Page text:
The Golgi Room

This room contains most of the material connected with Camillo Golgi: microscope slides, documents, apparatus, decorations conferred, and the Nobel Prize with the signatures of the Stockholm Carolingian Institute judges, dated 25 October 1906.
Some of the specimens organised and studied by Camillo Golgi are in an original setting, which he invented to suit his method of studying nerve tissue, called "black reaction" or "silver-chrome".
In the show-case containing a bronze bust of Golgi, there are also two of the first microscopes which he himself used and the first microtome, with which he cut up thin slices of nerve tissue, for his method of microscopically studying various parts of the nervous system. Apart from the volumes of his Complete Works, his hand-written documents and original drawings are of special interest. They deal with the structure of cells, the nervous system, kidneys, studies on malaria, as well as some manuscript notes which he used in his general pathology lectures.
In the same room, there are other documents and manuscripts: Adelchi Negri's on the discovery of rabies, and Carlo Forlanini's, together with the earliest glass instruments for pneumo-thorax therapy, which led to the construction of simpler and more practical apparatus for the therapy which was used thereafter.
Other Forlanini relics are also on show: a bronze shield with his effigy, a portrait of him as a young man, some hand-written manuscripts, and the photograph of a young woman , one of the first patients to try out the pneumo-thorax therapy. On the photograph can be seen semiotic lines drawn on the young woman's thorax, and, beside them, Forlanini's notes on the patient's physical condition.
Edoardo Porro is shown in a bronze sculpture, and there is the surgical instrument used by him in the very first hysterectomy, performed in Pavia in 1876, together with the part he removed, preserved in formaldehyde.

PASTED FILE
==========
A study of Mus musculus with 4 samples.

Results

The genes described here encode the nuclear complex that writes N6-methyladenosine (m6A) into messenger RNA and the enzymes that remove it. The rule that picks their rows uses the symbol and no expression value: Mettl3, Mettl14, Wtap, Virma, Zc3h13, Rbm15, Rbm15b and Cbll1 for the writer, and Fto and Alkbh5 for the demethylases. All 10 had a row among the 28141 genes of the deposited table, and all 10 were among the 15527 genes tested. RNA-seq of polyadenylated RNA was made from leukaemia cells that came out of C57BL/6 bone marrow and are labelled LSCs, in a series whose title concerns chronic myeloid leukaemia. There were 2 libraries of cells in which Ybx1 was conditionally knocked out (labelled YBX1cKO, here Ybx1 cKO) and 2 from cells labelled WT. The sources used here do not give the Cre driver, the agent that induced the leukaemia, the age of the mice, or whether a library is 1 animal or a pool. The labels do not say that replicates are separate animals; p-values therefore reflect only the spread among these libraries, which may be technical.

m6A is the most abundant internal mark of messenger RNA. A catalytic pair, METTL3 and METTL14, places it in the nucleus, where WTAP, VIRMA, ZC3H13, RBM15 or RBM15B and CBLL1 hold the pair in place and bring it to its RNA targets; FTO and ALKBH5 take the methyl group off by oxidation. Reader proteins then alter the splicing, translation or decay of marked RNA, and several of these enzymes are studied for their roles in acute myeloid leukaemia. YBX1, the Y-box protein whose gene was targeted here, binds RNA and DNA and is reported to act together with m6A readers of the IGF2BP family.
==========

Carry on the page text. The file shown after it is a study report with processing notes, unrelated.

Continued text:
G.B Amici's composite achromatic microscope, one of the first of its type, made about 1826, is on show as are his hand-written instructions on the use of the apparatus. Because of its extreme reduction in the chromatic aberration of the lenses, this tiny pocket microscope he invented turned out to be a fundamental step forward in the history of microscopes.
Other interesting exhibits are the reproductions of Amici's wax models, which he made to demonstrate his discovery of plant fertilisation, models of the structure and reproduction system of the truffle, and of the cryptogam parassite on the rose.
Apart from Eusebio Oehl's collection of microscope slides, the cannulas are on show which he got made and used via experimental fistulas to examine the digestive tract. Also to be seen are the cannulas to surround salivary ducts and thus to collect the various types of saliva. Oehl's manuscripts on view include reports of some experiments, lecture notes and a few pages of his Treatise on Physiology, of which the Museum has the entire work.
There is a small showcase containing commemorative medals and coins struck in honour of famous alumni of Pavia University.
In this same room are to be found X-ray plates dating from 1986, and a photograph reproduced by using Roentgen's X-rays.